The topic of immigration is not foreign to us as U.S. citizens. With the primaries coming to a close back at home, our past year has been far from absent of propaganda and rhetoric surrounding the topic of undocumented citizens. As we learned today, this is something we share with the Dominican Republic as over the past 50+ years, hostility towards Haitian immigrants and Dominicans of Haitian descent has only grown: fostered by corrupt dictators and an overall sense of nationalism.
Today we woke up early, at 6:00 am. After a hearty breakfast, we attended an academic seminar about Immigration in the DR. In our seminar we learned about bateys, migrant labor camps facilitated by the Dominican government for Haitians working in the sugar industry. During his reign as dictator, Trujillo oversaw the creation of these camps, many of which have no access to water, electricity, or proper infrastructure.
After the seminar we left for Batey Libertad, a 2 hour drive from our hostel. There we met with members from Yspaniola, a non profit working in the batey with help from both locals and other U.S. citizens. Taking a tour of the batey, the smells and sounds were completely different from those we had previously encountered in the DR. Cajun style music, creole, and children could be heard bouncing off of every wall. Outside, men and women shell peas which they can sell for $1 a pound.
We next learned about different members personal encounters with discrimination due to their Haitian descent. Many of their experiences seemed similar to those many people of Latin descent experience in the U.S., as they are consistently accused of stealing jobs, being criminals, and not being deserving of citizenship despite being natural born. I was genuinely impressed with and inspired by each of the speakers determination to get their citizenship, despite how many obstacles they had come across.
After hearing these inspirational stories, we divided into small groups for lunch. Each group joined a different host family, which graciously provided us with food and conversation. My group was made up of Vikas, Elena, and a G.G. staff member. Our lunch was delicious, consisting of the traditional rice, beans, and chicken. In the tradition of Dominican courtesy, our host family refused to sit and eat with us at the table. But after the meal, we were able to ask our adoptive mother about her 6 children, 3 of which still live in the batey.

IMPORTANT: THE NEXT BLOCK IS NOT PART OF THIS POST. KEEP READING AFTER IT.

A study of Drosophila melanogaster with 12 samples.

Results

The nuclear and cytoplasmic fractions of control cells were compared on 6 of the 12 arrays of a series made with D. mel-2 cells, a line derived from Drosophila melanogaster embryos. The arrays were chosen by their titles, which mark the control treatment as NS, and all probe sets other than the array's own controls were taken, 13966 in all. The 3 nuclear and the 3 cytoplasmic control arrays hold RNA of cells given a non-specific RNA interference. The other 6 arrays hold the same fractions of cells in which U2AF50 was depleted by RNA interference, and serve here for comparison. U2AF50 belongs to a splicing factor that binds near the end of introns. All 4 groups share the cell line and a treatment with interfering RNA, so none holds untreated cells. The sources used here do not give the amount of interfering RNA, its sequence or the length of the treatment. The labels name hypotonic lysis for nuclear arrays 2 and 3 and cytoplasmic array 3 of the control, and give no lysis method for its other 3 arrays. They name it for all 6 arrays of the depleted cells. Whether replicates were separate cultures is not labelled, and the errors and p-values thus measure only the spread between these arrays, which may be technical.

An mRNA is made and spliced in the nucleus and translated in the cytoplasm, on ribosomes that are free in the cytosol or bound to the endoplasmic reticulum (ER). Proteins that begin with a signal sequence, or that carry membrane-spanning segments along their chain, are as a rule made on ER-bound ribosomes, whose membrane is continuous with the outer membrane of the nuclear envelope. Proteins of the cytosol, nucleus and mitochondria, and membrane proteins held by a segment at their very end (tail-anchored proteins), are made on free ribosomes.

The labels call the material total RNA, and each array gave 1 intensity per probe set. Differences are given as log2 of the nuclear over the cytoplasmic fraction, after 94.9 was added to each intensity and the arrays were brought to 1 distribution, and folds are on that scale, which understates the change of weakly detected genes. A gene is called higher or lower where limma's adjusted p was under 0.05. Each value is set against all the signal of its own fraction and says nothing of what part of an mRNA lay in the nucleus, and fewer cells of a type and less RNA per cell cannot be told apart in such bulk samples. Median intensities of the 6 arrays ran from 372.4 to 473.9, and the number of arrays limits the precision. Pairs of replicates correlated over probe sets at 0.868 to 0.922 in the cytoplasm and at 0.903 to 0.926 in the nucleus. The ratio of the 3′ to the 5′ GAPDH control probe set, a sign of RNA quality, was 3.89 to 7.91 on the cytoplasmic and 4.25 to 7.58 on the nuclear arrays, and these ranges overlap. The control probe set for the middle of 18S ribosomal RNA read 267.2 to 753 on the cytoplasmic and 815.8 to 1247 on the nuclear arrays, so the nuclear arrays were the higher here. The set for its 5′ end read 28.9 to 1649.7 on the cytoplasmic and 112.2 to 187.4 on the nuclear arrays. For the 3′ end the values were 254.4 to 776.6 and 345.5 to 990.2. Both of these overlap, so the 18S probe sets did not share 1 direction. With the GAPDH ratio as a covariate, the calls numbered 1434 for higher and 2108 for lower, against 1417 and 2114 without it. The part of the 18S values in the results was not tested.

After lunch, we returned to Yspaniola to hear more about what they do for the community. A literacy program, they offer help to many students who are fluent in Creole rather than Spanish. They also provide help to anyone in the community seeking documentation, as being undocumented limits your access to transportation, education, work, and medical assistance.
We next walked down the street to the Vudu temple of Caco Pelao. There, the esteemed priest taught us about the Haitian culture and traditions surrounding Vuduism. I was extremely proud of the respect my peers showed during this portion of our day, as Vudu is often misconstrued as something silly in the U.S. Despite this, everyone asked insightful questions that displayed their true engagement and curiosity.
Finally, we retreated back to the Literacy center for a final time in order to read books and play games with the children of Batey Libertad. Many of these children ran to us with both open arms and open hearts. By the end of our visit, I felt overwhelmed with the unashamed love that emanates throughout the community.
So overall, one thing is clear. The Haitian people living in the DR are not those to reflect what has been cast upon them. They instead resist such discrimination with unequivocal love and open hearts, no matter how foreign.
As El Lider Del Dia, I found that I like finding a balance between overpowering and indifferent. It was much easier to run the day it seemed, as each day our delegation becomes more and more like a family.